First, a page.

The World of Science Could Do Without Major Cash Rewards

Lawrence Krauss makes a strong case at the New Yorker‘s website for why huge cash prizes — like the $3 million Fundamental Physics Prize — aren’t really helping the scientific world, and how that money could be better spent:


Implicit in the notion that prize money will motivate scientists is the idea that insufficient motivation is an obstacle to discovery: if only scientists wanted it more, they would join the field and make breakthroughs. But that’s not how science works…

But a larger problem is that these prizes are not an efficient use of funds. Instead of funding science prizes, these billionaires should try funding the science itself. Take particle physics — one of the main specialties in which Breakthrough Prizes have been awarded. In that field, government funding has been cut back significantly, and budgets have been flat or declining for years. The $27 million awarded by Yuri Milner, in 2012, would have funded perhaps two hundred and seventy new postdoctoral fellowships that year, or a smaller number of postdoctoral fellowships combined with endowed faculty positions. That could more than double the current number of young researchers in the field.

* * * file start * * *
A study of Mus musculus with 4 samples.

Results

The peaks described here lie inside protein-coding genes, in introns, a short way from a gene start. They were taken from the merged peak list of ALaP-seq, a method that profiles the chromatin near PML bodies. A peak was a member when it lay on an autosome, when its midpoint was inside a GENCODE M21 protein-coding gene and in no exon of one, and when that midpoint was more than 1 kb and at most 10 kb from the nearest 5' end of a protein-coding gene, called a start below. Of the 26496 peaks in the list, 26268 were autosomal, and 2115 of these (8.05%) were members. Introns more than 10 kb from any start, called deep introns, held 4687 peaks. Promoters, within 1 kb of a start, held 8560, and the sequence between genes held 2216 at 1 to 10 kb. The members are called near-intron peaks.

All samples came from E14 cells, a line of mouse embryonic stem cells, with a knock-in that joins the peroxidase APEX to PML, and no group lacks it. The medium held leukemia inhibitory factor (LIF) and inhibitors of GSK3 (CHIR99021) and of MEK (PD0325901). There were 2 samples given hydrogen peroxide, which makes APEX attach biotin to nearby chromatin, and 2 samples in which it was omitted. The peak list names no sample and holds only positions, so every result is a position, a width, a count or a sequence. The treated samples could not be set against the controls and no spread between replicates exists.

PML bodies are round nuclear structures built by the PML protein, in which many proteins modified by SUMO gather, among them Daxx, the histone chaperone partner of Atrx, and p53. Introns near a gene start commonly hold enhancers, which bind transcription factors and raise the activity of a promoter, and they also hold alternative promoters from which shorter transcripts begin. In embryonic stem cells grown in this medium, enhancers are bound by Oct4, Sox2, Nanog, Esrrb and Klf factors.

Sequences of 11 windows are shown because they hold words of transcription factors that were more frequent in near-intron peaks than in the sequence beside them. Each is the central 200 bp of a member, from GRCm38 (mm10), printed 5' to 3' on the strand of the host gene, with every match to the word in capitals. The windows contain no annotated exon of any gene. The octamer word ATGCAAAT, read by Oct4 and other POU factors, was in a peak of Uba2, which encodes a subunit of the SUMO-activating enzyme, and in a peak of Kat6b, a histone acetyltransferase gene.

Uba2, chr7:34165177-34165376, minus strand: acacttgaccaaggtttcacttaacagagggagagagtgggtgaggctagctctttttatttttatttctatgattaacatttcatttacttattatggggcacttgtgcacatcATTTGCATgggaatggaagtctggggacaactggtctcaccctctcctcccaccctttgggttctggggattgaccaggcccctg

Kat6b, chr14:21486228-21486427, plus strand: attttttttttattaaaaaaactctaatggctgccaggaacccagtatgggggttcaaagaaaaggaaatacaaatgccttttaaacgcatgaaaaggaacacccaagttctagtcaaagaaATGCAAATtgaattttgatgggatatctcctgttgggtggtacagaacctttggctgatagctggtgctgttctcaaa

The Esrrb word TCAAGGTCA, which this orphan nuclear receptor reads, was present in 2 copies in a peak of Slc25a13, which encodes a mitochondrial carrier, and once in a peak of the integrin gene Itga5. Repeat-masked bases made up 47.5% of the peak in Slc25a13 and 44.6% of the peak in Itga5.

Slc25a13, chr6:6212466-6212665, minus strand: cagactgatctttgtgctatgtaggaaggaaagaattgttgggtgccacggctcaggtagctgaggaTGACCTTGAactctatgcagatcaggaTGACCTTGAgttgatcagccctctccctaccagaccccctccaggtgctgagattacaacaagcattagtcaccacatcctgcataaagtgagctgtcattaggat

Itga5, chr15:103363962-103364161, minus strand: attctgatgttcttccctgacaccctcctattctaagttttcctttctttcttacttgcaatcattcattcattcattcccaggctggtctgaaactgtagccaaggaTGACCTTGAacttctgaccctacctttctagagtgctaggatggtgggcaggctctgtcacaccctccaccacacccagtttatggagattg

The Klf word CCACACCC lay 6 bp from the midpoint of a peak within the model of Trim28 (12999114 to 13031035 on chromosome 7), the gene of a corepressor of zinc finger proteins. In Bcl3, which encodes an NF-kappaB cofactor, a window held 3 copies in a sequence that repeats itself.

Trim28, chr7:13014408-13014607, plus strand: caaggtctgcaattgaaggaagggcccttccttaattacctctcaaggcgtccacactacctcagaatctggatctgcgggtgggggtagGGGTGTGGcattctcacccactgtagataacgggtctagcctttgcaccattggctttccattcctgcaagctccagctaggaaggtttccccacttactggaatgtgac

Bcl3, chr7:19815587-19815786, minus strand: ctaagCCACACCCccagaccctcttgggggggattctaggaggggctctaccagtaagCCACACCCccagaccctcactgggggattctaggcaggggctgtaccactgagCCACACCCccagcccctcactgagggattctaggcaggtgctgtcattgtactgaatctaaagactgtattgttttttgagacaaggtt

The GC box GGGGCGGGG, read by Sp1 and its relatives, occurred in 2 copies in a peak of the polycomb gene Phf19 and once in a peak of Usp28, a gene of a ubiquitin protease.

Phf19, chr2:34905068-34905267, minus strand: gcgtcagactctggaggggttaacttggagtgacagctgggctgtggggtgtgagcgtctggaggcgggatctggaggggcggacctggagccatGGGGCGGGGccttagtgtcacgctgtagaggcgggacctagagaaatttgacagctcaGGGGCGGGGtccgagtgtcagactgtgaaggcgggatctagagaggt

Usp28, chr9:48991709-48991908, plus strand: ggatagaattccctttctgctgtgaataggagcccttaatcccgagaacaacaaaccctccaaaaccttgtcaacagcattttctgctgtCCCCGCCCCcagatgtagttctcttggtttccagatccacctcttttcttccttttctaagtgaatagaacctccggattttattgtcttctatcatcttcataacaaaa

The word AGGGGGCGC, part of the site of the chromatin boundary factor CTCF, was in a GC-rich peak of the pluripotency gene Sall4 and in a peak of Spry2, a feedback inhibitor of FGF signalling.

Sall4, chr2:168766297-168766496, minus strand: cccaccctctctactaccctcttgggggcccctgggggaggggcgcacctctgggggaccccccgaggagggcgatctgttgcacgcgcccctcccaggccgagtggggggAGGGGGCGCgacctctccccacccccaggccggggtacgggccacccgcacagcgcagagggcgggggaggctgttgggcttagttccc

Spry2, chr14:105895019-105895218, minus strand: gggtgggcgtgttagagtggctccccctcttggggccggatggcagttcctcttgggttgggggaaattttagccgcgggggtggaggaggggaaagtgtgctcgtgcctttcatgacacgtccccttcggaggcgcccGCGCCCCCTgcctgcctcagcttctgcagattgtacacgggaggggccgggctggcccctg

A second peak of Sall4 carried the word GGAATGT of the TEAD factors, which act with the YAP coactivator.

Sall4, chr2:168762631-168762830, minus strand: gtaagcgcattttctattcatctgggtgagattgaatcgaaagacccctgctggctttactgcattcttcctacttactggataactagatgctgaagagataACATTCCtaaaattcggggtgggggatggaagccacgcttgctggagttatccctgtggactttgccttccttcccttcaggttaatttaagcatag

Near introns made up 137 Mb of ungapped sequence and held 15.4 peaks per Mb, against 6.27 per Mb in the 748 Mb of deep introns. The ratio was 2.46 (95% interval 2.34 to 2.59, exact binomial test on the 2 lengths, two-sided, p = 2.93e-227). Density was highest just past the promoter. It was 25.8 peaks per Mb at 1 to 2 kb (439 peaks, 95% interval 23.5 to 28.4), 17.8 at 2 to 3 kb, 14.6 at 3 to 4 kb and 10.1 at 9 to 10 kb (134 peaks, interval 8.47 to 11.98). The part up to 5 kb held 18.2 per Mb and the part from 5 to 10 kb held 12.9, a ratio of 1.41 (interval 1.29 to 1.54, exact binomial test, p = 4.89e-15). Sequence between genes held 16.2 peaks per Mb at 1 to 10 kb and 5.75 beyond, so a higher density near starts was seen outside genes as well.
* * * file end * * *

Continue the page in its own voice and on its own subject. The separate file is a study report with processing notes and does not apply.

As Krauss points out, you could make the argument that the awards are less about the scientists and more about the benefactors. If the wealthy people funding the prizes really cared about science, they would plant more seed money in areas of research that struggle for cash.

The best scientists, after all, aren’t the ones chasing after a cash prize. They’re motivated by their questions and the possibility of discovering something that nobody knows. To achieve those goals, they need time and a stable work environment far more than excess disposable income.